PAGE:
Curiosity’s search for life on Mars marred by fear of contamination

  • AFP, Paris
  • Updated: Oct 02, 2015 10:01 IST
The image, taken by Mars Hand Lens Imager (MAHLI) on board Nasa's Mars rover, shows a self-portrait of Curiosity, the multi-billion-dollar robot dispatched to Mars in search for life. (AFP File Photo)

The multi-billion-dollar robot -- Curiosity rover -- in search for life on Mars, must steer clear of “hot spots” for fear of spreading microbes from Earth, Nasa project scientists said on Thursday.

The spectre of a missed opportunity was thrown into sharp relief by smoking-gun evidence unveiled this week that liquid water, a prerequisite for life, existed not only in a distant Martian past, but is likely there today.

“Curiosity isn’t designed to go to a place that can currently support microbial life,” said Michael Meyer, a scientist for Nasa’s Mars Exploration Program.

“For that we need a higher level of cleanliness,” which is more complicated and costly to achieve, he told AFP.

This exasperating reality was the result of a fateful decision years ago to forego Nasa’s most stringent microbe-removal standards for hardwares visiting moist environments in which Martian life -- if it exists -- will probably be found.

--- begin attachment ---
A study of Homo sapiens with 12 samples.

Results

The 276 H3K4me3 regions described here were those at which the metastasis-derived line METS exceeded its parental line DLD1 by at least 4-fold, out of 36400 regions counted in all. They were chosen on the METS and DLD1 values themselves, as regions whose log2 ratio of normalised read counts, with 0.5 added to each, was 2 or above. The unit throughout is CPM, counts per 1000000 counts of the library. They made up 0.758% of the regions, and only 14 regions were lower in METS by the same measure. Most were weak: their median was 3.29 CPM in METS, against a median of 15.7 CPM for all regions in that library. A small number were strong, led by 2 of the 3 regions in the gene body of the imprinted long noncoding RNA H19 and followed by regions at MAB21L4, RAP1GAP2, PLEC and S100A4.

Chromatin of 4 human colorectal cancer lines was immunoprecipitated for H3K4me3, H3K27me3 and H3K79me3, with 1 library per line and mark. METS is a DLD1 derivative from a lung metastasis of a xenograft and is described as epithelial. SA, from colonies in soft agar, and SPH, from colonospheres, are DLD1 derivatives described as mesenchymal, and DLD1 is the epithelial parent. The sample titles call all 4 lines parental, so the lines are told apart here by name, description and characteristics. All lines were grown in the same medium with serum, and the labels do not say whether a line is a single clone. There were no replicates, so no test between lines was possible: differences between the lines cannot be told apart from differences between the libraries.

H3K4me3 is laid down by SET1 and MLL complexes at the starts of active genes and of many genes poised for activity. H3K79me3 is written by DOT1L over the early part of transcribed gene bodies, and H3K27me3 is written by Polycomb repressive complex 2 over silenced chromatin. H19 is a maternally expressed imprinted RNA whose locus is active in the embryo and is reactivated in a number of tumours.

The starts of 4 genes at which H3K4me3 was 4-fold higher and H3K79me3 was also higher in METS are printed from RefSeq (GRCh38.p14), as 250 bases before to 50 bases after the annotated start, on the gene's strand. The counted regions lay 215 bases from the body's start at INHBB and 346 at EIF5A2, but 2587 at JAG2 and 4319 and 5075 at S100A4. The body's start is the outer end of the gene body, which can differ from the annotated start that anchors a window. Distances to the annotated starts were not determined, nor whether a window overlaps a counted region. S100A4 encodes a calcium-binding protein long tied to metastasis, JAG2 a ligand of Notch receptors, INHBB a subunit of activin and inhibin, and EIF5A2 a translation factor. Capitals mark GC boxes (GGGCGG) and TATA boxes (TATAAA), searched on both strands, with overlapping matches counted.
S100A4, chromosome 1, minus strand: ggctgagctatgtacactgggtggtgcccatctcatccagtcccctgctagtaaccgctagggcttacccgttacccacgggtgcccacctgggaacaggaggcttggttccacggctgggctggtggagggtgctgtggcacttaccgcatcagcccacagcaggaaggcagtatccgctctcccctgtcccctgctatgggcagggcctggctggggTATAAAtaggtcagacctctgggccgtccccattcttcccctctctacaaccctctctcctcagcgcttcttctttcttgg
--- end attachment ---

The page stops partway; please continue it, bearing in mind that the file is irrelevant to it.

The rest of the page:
The danger of letting Curiosity investigate the newly-found sites is real, space scientists and astrobiologists agree.

“We don’t want to be remembered as the species that went to another planet and wiped out whatever life was there,” explained Jorge Vago, a scientist with the European Space Agency’s (ESA) ExoMars Project, due to send its own Mars orbiter up in 2016 and put down a rover in 2018.

Scientists announced on Monday they had found tracks formed by hydrated salt crystals -- essentially super-salty brine -- running down steep slopes on the surface of the Red Planet.

A handout image made available by Nasa shows dark, narrow, 100-meter-long streaks, flowing downhill on Mars, that are inferred to have been formed by contemporary flowing water. (AFP Photo)

Nasa’s Curiosity rover, a car-sized mobile laboratory parachuted into the Red Planet’s Gale Crater in August 2012, is especially well-equipped for microbe-hunting in such an environment.

Its core mission is to gather soil and rock samples and analyse them “for organic compounds and environmental conditions that could have supported life now or in the past”, according to Nasa.

But the streaks, dubbed “recurring slope lineae” (RSL) -- possibly the best chance yet of finding Martian life -- are off limits for one simple reason: Curiosity is too dirty.